Based on the limited data available since the second round of the U.S. Paycheck Protection Program started, it seems a larger number of small loans have been approved than during the first round — and they are reaching a wider range of businesses, instead of being concentrated in only a few states, according to a new S&P Global report released Tuesday.
However, a glaring flaw in the U.S. Small Business Administration’s program remains: “At this point in time the bulk of the programs seem to lean toward benefiting states with fewer jobless claims,” said the report, “The Paycheck Protection Program Impact On Jobs: (More) Help Wanted” by S&P Global U.S. Chief Economist Beth Ann Bovino.
“And based on small business surveys, it’s apparent that more help is wanted (and needed),” the report said. SBA didn’t immediately respond to a request for comment Wednesday.
Although it was “well-intentioned,” the first PPP round “appears to have missed the mark, in terms of geography, industries served, and size to meet significant small business demand,” the report said.
S&P Global found that 63% of 1.6 million first-round PPP loans (with an average loan size of $206,000) went to industries less impacted by social distancing, including good-producing industries, which received 27% of loans with 2.3 million lost jobs, according to the report.
In comparison, information services and financial industries received 36% of loans with 5.3 million lost jobs, and service industries received 35% of loans while accounting for 12.9 million lost jobs (62.9%) in the first round, the report said.
Meanwhile, seven out of 10 states that received the largest loan amounts during the first round had the lowest unemployment rates, while eight out of 10 states that received the smallest loan amounts had the highest unemployment rates, according to the report.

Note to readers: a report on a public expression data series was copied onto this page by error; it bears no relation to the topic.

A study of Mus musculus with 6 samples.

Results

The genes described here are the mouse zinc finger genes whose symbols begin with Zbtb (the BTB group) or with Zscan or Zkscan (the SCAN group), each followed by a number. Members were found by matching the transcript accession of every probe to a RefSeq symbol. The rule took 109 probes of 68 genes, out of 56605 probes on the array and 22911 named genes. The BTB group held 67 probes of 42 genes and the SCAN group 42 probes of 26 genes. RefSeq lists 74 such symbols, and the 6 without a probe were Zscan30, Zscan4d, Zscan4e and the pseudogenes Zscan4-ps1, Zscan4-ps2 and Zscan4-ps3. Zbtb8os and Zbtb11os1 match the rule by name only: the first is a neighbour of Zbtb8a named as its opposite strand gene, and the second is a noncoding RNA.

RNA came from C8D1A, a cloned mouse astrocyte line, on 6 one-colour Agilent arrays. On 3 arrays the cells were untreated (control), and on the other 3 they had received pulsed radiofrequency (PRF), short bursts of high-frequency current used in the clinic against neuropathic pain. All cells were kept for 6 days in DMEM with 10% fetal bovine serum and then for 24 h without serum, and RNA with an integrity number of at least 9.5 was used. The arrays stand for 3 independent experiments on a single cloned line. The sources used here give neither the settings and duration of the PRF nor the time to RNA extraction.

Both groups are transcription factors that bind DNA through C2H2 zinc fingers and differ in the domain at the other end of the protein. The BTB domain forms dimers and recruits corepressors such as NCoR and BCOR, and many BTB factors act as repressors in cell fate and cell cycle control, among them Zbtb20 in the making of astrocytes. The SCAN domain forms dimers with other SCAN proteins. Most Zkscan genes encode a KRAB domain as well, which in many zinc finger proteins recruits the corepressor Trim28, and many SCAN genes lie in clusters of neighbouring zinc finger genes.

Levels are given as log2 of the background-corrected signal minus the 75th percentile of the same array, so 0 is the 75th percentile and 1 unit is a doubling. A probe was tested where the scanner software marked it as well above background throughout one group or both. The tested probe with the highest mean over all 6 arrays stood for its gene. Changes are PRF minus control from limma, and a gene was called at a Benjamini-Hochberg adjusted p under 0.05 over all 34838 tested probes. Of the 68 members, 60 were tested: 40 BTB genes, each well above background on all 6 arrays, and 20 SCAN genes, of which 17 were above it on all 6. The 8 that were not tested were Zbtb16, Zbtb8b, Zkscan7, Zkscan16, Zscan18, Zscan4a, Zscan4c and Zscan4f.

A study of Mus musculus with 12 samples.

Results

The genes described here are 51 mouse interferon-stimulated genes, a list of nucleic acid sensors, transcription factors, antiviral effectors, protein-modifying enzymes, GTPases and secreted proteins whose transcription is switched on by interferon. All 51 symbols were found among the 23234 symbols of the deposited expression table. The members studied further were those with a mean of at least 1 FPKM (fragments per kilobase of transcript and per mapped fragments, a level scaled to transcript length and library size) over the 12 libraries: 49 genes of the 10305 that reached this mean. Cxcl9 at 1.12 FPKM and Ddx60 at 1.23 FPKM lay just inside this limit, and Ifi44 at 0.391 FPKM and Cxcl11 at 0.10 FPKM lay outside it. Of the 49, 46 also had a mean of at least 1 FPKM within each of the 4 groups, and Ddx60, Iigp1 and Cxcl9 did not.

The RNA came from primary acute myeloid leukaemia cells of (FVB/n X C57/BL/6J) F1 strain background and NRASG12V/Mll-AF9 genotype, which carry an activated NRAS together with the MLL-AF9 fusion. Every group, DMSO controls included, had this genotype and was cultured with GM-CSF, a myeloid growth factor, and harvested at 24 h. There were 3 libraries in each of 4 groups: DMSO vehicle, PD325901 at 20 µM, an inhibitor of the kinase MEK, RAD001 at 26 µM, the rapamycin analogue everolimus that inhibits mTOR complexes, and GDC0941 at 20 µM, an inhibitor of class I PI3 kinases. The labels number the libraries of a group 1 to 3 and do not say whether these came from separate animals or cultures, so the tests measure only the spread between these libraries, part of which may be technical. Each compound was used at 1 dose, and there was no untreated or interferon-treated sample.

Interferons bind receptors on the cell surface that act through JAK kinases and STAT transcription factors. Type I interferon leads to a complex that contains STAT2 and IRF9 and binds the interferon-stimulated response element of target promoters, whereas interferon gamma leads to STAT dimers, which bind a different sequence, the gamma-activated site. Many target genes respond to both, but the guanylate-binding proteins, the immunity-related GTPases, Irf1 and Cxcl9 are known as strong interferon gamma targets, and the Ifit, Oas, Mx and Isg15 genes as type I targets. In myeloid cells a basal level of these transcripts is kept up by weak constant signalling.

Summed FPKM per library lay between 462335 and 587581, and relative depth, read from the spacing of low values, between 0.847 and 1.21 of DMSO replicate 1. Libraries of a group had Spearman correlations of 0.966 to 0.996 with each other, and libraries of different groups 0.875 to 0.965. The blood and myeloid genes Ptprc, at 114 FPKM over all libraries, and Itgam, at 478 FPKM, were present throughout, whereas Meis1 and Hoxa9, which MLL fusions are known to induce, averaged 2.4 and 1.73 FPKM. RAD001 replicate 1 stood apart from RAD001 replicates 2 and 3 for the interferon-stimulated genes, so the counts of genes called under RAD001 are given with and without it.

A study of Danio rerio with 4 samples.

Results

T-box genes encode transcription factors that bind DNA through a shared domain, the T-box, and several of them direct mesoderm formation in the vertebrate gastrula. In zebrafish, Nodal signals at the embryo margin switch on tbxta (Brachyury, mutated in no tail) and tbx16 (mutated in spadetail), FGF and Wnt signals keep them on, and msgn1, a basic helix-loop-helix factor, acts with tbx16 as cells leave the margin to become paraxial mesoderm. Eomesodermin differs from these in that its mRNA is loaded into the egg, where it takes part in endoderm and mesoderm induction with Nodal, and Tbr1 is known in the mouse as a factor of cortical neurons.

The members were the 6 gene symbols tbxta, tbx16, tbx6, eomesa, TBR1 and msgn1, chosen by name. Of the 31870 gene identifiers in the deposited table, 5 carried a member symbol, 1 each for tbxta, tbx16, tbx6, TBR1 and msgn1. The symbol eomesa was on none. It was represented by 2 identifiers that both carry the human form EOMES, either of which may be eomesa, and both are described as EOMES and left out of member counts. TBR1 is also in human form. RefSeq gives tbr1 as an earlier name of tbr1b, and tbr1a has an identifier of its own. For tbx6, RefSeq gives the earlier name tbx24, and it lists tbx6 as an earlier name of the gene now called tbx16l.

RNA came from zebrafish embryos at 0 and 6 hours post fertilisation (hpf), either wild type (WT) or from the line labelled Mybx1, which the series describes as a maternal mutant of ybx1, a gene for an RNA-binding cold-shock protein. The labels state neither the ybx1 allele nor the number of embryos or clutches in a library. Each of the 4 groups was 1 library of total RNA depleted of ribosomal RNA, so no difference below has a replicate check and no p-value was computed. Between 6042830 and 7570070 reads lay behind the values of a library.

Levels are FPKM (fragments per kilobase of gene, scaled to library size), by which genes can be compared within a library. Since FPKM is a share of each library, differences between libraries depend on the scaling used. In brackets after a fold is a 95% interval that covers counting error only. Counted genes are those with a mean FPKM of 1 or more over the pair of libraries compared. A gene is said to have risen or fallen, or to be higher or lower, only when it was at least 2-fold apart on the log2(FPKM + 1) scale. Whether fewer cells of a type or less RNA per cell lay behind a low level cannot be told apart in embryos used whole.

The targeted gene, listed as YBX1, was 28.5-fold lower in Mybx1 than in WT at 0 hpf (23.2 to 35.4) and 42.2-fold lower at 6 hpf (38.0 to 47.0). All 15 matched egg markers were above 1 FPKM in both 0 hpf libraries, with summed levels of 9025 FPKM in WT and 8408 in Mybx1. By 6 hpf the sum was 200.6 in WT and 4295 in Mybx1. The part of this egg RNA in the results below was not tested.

One major improvement in the second PPP round is that the average loan size seems to be $73,000 — “less than half of PPP1,” according to S&P Global, noting the data available so far was only through May 8.
The money is also reaching more of the right states and industries, the report said. Still, however, seven states with the highest employment rates are receiving a bigger slice of loans, it noted. In comparison, only one of the 10 states with the lowest unemployment rates has received one of the top 10 loan amounts, the report said.
Meanwhile, a “nagging concern is whether the 80% (over 18 million people) considered to be ‘temporarily unemployed’ will turn permanent, just as their extended benefits expire” under the Coronavirus Aid, Relief and Economic Security Act’s enhanced unemployment insurance benefits, the report said.
“Given that small businesses employed 59.9 million workers in 2016 (47.3% of the U.S. total), the success of PPP will have far-reaching consequences for not only the pocketbooks of these workers, but also for the recovery overall,” S&P Global predicted.
Through May 8, the second PPP round had “only doled out $188.9 billion, or 61% of its total funds, and no loan approval information was yet available by industry,” the report said. S&P Global recognized that a business’s pre-virus financial health “starting point” ought to be “considered when determining decisions to lay off workers,” the report said. However, “this preliminary analysis may provide some framework when gauging next steps in policy decisions as the U.S. economy begins to slowly recover and businesses open their doors,” it said.